IT’S IRONIC THAT many of us go through life as though we are the star of the movie, unaware that we may have actually written a part that is smaller than that permitted by our vanity.
We forget that our view of the world is much like the film we watch on a flatscreen or on our laptop; it has been formatted to fit the space. Some of what’s happening on the edges of the frame gets trimmed off. That doesn’t even take into account the Cinemascope movies of old, where the screen stretched across the width of the theater.
The result is that, when we’re looking at the small square screen in front of us, nothing much may seem to be happening. The main character is just sitting there, twiddling their thumbs! What we don’t realize is that all sorts of movement may be going on out of the main frame, which is going to impact the “star” at any moment.
Keeping the bigger picture in mind would save us from a lot of restlessness and worry with regards to God’s moving in our lives. Just because we don’t see anything going on doesn’t mean there isn’t anything happening. He may just be working with other characters right now.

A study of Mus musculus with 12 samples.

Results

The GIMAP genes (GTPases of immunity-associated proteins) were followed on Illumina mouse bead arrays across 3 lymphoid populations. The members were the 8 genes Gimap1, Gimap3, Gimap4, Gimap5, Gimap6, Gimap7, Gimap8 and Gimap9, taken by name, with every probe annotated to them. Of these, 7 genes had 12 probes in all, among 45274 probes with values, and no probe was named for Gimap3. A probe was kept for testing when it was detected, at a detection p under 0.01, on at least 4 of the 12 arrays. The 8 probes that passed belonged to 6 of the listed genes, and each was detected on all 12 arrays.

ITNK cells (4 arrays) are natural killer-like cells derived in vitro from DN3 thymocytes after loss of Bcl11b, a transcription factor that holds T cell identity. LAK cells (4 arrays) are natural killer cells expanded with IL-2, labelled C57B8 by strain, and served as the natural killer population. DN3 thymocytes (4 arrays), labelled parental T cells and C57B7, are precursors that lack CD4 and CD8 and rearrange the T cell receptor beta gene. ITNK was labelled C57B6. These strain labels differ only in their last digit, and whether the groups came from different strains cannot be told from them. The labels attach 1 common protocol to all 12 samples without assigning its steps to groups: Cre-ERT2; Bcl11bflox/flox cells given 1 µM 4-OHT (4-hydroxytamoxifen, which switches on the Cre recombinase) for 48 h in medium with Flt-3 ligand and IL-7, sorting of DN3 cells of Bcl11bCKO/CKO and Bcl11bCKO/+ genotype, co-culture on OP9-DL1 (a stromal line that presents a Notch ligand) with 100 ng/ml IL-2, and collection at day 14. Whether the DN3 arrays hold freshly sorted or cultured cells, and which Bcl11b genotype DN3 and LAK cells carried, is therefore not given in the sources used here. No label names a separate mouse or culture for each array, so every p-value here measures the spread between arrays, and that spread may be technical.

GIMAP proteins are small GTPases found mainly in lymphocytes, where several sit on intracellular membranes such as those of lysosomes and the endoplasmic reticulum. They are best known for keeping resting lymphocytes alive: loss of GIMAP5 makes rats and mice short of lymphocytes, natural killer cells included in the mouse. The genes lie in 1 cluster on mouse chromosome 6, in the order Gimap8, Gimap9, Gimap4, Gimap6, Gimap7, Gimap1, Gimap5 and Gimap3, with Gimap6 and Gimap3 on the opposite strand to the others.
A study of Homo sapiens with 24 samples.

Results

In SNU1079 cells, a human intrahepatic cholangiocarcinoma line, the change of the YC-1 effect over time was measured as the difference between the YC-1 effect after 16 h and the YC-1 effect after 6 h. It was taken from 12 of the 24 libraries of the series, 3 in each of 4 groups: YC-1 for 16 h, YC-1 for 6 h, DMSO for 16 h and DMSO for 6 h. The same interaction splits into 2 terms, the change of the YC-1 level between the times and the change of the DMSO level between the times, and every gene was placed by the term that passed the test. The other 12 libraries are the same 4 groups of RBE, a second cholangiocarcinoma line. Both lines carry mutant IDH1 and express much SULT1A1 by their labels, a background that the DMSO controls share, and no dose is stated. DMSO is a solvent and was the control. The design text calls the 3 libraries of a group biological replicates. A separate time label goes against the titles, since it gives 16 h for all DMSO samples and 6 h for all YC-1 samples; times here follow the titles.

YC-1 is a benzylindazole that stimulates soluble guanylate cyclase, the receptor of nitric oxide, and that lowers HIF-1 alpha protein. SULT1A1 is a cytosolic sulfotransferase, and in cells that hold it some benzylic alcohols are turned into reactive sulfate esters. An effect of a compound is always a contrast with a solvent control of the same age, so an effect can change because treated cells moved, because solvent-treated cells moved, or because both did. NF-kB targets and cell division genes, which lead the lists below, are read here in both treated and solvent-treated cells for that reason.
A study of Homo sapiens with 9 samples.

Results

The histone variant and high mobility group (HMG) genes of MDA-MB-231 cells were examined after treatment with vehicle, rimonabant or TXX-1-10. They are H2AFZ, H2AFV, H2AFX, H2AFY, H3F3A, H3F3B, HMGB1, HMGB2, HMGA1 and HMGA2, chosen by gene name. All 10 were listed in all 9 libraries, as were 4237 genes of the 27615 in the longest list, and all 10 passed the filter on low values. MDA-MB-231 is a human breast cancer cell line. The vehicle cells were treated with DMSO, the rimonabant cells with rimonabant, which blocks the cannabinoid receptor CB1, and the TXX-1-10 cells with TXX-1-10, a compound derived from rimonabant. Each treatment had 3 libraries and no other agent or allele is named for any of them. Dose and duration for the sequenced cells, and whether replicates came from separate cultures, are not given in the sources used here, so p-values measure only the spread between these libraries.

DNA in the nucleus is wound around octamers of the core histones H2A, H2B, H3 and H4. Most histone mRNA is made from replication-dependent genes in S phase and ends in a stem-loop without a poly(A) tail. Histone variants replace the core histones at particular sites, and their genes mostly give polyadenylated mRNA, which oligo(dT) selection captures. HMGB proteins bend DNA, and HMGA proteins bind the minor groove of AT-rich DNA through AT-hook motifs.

When we fail to take that into account, we can end up hoping for less than God has in mind. Consider Zechariah the priest, who with his wife, Elizabeth, longed for the child they were unable to conceive because of her barrenness.
By the time they are both advanced in years, he has given up on praying for a baby—and then comes that encounter with the angel Gabriel, when Zechariah is serving in the temple (Luke 1). Zechariah learns that, through a miracle, he is to become the father of John the Baptist.
Only then does the gap between his long-held desire and God’s design become clear. All those earlier years, Zechariah had just wanted God to give him a child; God, meanwhile, had more in mind. He wanted to give Zechariah one of whom it would be said of those “that are born of women there is none greater” (Luke 7:28). Zechariah simply wanted progeny; God wanted he who would be called “the prophet of the Most High” (Luke 1:76).
Before you allow the disappointment of seemingly unanswered prayer to lodge in your heart as Zechariah did—in the exchange with Gabriel, he clearly doubts God—remember that the movie you’re part of may be more epic than you are aware. It’s been written and directed by “him who is able to do far more abundantly than all that we ask or think” (Eph. 3:20).